By Mark Fike
Most years there seems to be a lull right after the rut when whitetail deer hunting seems to hit a wall. Pressure from all the hunters in the woods for the past few weeks, fewer deer remaining due to harvest, the deer regrouping, resting and changing their daily pattern due to the rut being over and a weather pattern that is getting colder with days getting shorter can result in hunters seeing fewer deer.
After a lot of pressure, deer tend to go nocturnal and are usually seen at twilight. However, they do have to eat and they do continue to go on with life’s daily processes. So what can hunters do to punch a deer tag when this happens?
There is that old saying that if you keep doing the same thing and expect different results you are insane. I don’t know about the insane part but I do agree that doing the same thing you have been doing and hoping you will somehow suddenly see and kill a deer is unlikely.
Change is the answer. Change pretty much everything you are doing to have a better chance of getting a deer. This means you should change where you are hunting.
While you might not have to change properties, at least change locations on the property. The old oak lot you have been sitting in has been empty. The party is long over and the guests are elsewhere. Go find some thermal cover.
Thermal cover is a place where deer can lay down and try to get warm. Typically this is evergreens but it can also be a southern exposed hillside that was recently cut or logged. The deer like to be warm just as much as we do.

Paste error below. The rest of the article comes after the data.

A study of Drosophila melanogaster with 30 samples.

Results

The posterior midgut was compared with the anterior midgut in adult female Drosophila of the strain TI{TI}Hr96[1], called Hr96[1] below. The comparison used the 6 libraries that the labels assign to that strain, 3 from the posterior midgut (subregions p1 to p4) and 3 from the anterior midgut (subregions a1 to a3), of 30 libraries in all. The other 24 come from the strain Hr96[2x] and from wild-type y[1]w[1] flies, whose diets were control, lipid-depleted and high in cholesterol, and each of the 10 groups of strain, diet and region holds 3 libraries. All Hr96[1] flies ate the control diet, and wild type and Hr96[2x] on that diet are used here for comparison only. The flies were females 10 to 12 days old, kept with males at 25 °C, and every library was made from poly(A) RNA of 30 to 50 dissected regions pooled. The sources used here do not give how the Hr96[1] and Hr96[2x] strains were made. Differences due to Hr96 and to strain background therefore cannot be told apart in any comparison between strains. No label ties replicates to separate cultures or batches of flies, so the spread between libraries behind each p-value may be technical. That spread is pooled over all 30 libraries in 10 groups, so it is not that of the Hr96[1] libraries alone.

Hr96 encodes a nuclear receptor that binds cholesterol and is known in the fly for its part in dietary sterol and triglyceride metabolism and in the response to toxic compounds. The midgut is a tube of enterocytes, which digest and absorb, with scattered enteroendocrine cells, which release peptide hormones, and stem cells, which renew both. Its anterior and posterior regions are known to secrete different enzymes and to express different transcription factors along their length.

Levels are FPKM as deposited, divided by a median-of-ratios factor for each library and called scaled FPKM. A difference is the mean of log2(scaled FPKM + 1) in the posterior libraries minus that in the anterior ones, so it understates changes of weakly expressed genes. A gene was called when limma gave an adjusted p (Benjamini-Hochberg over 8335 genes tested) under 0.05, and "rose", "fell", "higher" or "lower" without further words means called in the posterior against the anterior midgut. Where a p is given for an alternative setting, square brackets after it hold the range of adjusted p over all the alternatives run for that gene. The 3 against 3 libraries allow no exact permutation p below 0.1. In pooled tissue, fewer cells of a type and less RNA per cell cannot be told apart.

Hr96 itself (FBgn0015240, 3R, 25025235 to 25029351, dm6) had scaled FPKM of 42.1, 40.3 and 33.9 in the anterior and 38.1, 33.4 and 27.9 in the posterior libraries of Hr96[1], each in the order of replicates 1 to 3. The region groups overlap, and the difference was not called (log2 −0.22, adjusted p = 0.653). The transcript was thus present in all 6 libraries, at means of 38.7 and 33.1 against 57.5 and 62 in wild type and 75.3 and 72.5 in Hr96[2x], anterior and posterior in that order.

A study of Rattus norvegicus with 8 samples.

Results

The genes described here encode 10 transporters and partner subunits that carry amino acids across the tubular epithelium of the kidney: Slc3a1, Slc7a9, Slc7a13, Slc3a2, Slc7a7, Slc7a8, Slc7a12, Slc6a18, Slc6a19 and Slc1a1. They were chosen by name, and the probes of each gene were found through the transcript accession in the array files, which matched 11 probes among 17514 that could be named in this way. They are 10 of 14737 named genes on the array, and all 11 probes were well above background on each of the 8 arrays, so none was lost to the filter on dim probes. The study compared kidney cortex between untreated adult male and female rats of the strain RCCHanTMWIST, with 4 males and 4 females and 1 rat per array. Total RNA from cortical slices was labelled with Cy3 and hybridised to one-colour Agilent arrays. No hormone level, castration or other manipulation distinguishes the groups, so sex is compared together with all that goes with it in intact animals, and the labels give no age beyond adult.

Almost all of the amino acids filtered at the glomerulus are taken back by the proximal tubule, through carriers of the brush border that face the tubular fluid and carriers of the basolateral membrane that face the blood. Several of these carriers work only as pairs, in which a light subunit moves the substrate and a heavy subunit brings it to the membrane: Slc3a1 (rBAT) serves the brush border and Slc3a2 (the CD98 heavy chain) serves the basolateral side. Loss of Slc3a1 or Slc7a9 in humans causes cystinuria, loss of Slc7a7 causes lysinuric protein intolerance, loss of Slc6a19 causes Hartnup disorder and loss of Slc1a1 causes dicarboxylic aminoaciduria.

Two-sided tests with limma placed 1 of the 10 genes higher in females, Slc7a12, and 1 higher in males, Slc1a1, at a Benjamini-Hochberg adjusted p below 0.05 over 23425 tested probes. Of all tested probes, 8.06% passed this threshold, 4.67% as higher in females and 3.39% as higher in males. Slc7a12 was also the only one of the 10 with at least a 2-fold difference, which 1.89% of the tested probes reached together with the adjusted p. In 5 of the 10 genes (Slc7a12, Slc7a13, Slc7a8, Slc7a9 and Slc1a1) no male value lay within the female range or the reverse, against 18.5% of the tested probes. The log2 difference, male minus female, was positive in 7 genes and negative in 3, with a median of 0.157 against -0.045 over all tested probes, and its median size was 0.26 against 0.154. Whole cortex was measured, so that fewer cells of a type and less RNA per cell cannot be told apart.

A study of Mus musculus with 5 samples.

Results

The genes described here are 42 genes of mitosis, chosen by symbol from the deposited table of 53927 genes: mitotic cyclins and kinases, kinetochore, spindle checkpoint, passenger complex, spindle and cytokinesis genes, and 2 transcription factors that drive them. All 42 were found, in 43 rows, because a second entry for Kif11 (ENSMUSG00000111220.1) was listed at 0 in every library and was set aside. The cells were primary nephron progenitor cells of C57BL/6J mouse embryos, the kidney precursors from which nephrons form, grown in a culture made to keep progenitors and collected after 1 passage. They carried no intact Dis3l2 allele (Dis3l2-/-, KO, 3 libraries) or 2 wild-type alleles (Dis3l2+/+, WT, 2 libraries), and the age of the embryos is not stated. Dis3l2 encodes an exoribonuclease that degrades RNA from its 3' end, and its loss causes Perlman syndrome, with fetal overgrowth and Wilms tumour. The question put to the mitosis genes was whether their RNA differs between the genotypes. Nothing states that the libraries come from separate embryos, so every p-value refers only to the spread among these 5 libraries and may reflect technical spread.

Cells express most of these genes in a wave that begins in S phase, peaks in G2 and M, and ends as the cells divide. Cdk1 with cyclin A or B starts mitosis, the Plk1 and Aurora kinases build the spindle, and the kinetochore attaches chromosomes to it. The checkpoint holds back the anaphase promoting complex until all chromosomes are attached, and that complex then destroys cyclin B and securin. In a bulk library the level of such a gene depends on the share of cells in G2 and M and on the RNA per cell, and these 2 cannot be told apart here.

Deer also go to food so you need to figure out the food source. Food availability changes by the season and year as well. If acorns are gone you need to start looking at nearby fields and browse.
Deer get conditioned to hunters and human intrusion so they soon learn how to avoid human encounters. Sometimes this means they just lay low and never move much. Or they go around “problem” areas. I learned this the hard way after taking a few deer in a pine thicket adjacent to an oak lot. The deer suddenly quit using the trails around the tree stand.
One morning when I was slipping out to my truck to leave, the deer were walking up the driveway to go around me to the field and they were passing my truck. The only shot I had was with my truck literally right behind the deer! This happened two times before I started parking my truck elsewhere and I got another deer by carefully sneaking out mid-morning and taking the shot.
Most of us know that the better times to hunt deer is during twilight hours, however…. Check with your favorite taxidermist and ask him or her when the nicer deer they get in are taken. Keep in mind every taxidermist is probably bored to tears hearing all the stories and details of every deer head brought in.
So, they know the facts. Many deer are taken mid to late morning. Adjust your hunting accordingly. Maybe sleep in or run a few errands before going hunting. When hunters exit the woods, they tend to push deer around. Be there when the action is starting; don’t be the catalyst for the action!
Unless… you plan it. Planning a subtle deer drive is an excellent tactic. If you and a few friends are scattered on a property, text to let the others know when you are leaving and then take a safe, but purposeful, path WEARING BLAZE orange, to your vehicle to help push deer to your friends. Be sure you let the others know exactly where you are going to be moving.
When done safely, this tactic can really be effective at putting venison in the freezer. You don’t have to be loud either. A slow walk through the woods, stopping often enough to cause deer to be unnerved and move out is all that is necessary. Just keep safety and safe zones of fire in mind.
This season when the deer seem to vanish, change up your entire approach. Hunt in different areas, at different times, using different tactics and increase your odds of putting up some meat for the winter.